Hello, and welcome to Mistake Monday! As I mentioned in my previous post about Sitzman ABC’s new publishing schedule, on Mondays I’ll be focusing on errors and difficult parts of English. Today we’ll look at an error that causes problems for many of my advanced students. The problem is that people often confuse the words “use,” “used to,” and “(to be) used to.” Still, with a bit of practice, it’s not so hard. Let’s look:

Common Error: Confusing “use,” “used to” and “(to be) used to”
DON’T say this: Every year my family gets together for Christmas. We always used to eat tamales and cake.
When I was younger I am used to exercising every day.
WHY? -First of all, “use” can be a verb or a noun. When it’s a verb, the “s” is pronounced like a “z,” and when it’s a noun the “s” is pronounced like an “s.” (Click here to hear the pronunciation of both forms.)

-The verb use is normally a synonym of “utilize,” but “utilize” isn’t very common. Both words are usually combined with an object that does a specific job:
Jenny used a hammer and a nail to hang the picture frame on the wall. 

-The phrase used to normally indicates common actions completely in the past (they are not happening now). This phrase is followed by an infinitive verb:
Jenny used to be a good artist before she broke her hand. She used to paint wonderful portraits, but now she can’t do that anymore.

-If you add the verb “to be” in any form before used to, it indicates common actions in the present. These phrases are followed by a gerund (-ing) verb:
Jenny is used to working according to a strict schedule. Every day she wakes up at 5 am, exercises, makes breakfast, and works three hours… all before Ryan gets out of bed! Ryan is used to waking up around 9 am!

-The phrase “(to be) used to” can normally be substituted with the word “usually.”

INSTEAD, SAY THIS: -“My family gets together every year for Christmas. We are used to eating tamales and cake.”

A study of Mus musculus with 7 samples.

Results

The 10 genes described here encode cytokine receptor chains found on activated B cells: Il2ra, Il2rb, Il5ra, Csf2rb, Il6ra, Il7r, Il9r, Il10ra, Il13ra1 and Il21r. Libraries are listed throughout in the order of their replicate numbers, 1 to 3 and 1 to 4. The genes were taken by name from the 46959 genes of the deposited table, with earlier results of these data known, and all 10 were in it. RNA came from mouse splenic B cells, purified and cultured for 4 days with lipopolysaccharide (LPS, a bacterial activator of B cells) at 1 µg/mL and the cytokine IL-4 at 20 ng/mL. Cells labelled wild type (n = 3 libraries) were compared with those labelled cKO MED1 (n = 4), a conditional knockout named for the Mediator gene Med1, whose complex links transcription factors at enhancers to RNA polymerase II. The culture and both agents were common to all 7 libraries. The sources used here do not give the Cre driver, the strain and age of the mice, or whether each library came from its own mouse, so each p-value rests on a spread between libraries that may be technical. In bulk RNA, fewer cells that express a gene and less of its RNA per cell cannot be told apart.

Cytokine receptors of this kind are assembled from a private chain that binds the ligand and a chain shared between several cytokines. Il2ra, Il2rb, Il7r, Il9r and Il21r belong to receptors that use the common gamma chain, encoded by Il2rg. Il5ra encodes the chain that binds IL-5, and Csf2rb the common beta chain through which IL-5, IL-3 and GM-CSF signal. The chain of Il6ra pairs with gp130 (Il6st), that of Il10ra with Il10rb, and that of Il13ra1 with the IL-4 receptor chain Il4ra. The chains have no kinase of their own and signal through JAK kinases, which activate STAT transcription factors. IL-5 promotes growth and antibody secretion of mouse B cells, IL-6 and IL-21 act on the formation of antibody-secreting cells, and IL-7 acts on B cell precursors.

OR
-“My family usually gets together every year for Christmas. We usually eat tamales and cake.”
-“When I was younger I used to exercise every day.”
(finished common action in the past)
OR
-“Nowadays I am used to exercising every day.”
(common action in the present)

What are some things you are used to doing?
What are some things you used to do?

If you have questions or comments related to this common error or the blog in general, please leave a comment or contact me. Thanks for reading, and have a great week!


  1. AnnaLisa
    On March 2, 2012 at 2:27 am Reply

    That’s a tough one to tackle. Nice!

    A similar mix-up I see frequently in my editing work is a forgotten -d in “used to.”

    Ex: There use[d] to be far fewer options for making this kind of proposal.

    It happens a lot with “supposed to” also:

    We were suppose[d] to renew the license in January but missed our deadline.

    Yep, even the native speakers/writers don’t get it right. Tricky, tricky!

  2. Sitzman
    On March 2, 2012 at 3:07 am Reply

    Hey AnnaLisa!

    Thanks for the comment. You’re also right about the forgotten “d” in “used to” for native speakers. In fact, I had seen it written incorrectly so many times that I used to think it was correct!